The universe over the breakfast table

Here I was, trying to spread an intractable pat of butter across a rapidly disintegrating slice of toast when my wife suddenly asked: "Does the universe go on forever?" Just like that, no warning, no preparation, metaphysics at 8:15 in the morning, and I hadn't even had my juice yet. Normally I dodge such questions with a deeply reflective, "Who knows?" With three small children constantly underfoot, I have trouble enough just seeing my way clear to the end of a meal, let alone to the outer limits of the universe. During the last five years, the only remotely ontological discussion we've had concerned the probable life expectancy of our rapidly disintegrating Honda. And I was wrong about that one.

From my five-year-old daughter, I've come to expect such queries, usually on the way home from religious school or in a desperate, last-ditch attempt to postpone her bedtime: "Daddy, where does God live?" "What happens when we die?" "Why is the sky blue?" I can fake the sky one with a smattering of half-remembered high school physics, but the others usually leave me stuttering.

Oddly, in this particular instance, I felt sufficiently informed to answer. For just the day before, I had read of new astronomical findings at the very edge of the universe, pulsing quasars, or some such interstellar phenomenon that most people, especially those who can't even butter their morning toast, should avoid. But I boldly chose to respond.

"Why only yesterday," I replied, "astronomers in Great Britain reported finding a new star at the edge of the universe."

"The universe has an edge?" she asked in anxious amazement.


"And then what?" she wondered aloud.

"Don't ask," I replied, having reached the edge of my own severely circumscribed comprehension. As far as cosmic evolution goes, I'm generally more concerned about the effect three small bladders might have on our car seats during a two-hour drive to New Jersey than I am about the significance of spectrographic analysis of intergalactic radiation. Call me strange.

But my wife was beginning to worry that my response concealed not ignorance but knowledge of some impending disaster, some apocalyptic doom lurking in the distant ether. "Don't ask, it's horrible?" she wondered with a look of vague terror, "Or don't ask, you won't understand?"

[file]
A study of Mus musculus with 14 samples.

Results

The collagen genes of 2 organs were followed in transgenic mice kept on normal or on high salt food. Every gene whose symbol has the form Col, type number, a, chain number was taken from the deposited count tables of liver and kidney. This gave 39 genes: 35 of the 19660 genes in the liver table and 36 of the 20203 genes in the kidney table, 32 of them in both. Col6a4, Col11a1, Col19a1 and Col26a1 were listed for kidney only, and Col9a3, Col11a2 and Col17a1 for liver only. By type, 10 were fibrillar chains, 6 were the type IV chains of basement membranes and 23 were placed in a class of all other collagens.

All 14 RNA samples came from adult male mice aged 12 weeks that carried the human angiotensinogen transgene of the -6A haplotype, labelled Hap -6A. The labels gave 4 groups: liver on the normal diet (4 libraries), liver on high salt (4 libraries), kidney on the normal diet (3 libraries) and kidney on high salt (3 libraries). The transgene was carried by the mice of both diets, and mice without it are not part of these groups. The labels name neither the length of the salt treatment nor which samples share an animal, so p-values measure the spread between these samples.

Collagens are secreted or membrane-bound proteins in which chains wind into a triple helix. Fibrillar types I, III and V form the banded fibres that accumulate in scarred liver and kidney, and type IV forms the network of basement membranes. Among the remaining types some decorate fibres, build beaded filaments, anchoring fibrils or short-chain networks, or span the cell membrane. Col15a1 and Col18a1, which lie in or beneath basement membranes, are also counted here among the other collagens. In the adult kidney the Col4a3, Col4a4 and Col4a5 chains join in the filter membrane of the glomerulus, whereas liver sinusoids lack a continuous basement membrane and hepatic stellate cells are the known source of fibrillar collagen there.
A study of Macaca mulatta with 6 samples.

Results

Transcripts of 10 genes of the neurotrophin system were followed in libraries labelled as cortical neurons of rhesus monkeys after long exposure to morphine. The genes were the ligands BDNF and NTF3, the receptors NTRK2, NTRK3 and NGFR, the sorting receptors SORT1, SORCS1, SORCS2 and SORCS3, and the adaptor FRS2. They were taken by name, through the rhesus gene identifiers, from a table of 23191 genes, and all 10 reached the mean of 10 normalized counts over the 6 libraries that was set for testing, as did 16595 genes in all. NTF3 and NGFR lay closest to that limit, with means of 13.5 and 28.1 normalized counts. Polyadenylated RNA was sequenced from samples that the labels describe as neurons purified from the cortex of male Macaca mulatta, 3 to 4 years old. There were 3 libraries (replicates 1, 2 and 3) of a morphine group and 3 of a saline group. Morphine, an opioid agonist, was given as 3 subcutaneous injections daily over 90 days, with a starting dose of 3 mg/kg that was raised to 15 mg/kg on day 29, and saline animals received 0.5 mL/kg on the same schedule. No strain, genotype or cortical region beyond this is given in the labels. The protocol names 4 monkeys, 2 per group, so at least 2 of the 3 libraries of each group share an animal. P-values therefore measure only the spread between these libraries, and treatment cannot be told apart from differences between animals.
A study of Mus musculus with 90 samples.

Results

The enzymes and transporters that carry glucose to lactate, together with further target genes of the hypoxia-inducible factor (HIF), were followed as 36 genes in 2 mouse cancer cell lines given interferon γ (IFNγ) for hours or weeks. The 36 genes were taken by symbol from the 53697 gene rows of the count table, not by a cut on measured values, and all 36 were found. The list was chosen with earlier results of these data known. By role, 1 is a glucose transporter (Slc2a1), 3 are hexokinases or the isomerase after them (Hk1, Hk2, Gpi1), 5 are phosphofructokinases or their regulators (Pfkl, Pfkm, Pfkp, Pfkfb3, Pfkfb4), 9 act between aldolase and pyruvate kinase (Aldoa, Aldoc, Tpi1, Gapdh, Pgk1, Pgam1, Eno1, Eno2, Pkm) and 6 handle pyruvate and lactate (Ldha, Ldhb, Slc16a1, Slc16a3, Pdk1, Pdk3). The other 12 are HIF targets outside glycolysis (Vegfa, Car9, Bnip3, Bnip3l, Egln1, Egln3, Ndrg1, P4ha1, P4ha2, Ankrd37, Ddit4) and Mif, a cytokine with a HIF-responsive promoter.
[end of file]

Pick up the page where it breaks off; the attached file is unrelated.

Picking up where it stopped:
"Don't ask, I don't understand," I admitted.

"Why? What's out there?"

"The end of time," I replied. "Or maybe it's the beginning. I forget. Does it matter?"

"I'm not sure yet. Tell me about this new star," she insisted. I had never seen her so alert this early in the morning. Cosmology affects people in strange ways.

"Just when they thought they had a fix on things, like how big the universe is and when time began, up pops this interloper a billion-trillion light years away, sending them all scurrying back to their calculators. I guess they haven't quite nailed things down yet, off a few billion in either direction, apparently. Must be annoying."

"Like trying to account for the missing 12 cents in your bank balance."

"Something like that," I replied, marvelling at the human capacity to make concrete the infinitely abstract.

"So now what?" my wife asked.

By this time the butter had begun to disappear into a black hole at the center of my cold toast. "I don't think the findings will have much immediate impact on our lives," I offered.

"But I'd like to know," she pressed. "A person should be familiar with the limits of the universe, don't you think?"

"I suppose," I said distractedly, exhaling over my butter in an effort to soften it.

"And while we're on the subject of unexplained phenomena," she pursued, "why do people yawn?"

That one I fielded without even looking up. "Because they're tired."

"But why? Does it help us fall asleep?" I glanced across the table to see if she was serious. She was. "And why, when someone else yawns, do you yawn too?"

"Because...." I began, and then paused, unable to finish.

"We can send a man to the moon, we can discover light at the very edge of the universe, but no one can explain why we yawn." My wife's voice was filled with incredulity. "And why do people sneeze when they walk out into bright sunlight?"

I shrugged, sensing an impending avalanche of life's insoluble riddles.

"And while we're at it, how come some hard-boiled eggs peel easily and others take half the white with the shell? And what good are hiccups? And how come human will precedes human reason, especially in two-year-olds? And what about UFOs?"

"All part of the inscrutable mystery of creation," I replied, rising from the table.

"Don't go," she pleaded, reaching for my hand. "There's so much we've left unanswered."

"I'm late," I replied, gulping my juice.

"But what about your toast?" she asked. It lay dismembered across my plate, mostly crumbs now, surrounding a still-rock-hard pat of butter. "What happened to it?"

"Just another of life's unyielding enigmas, I guess."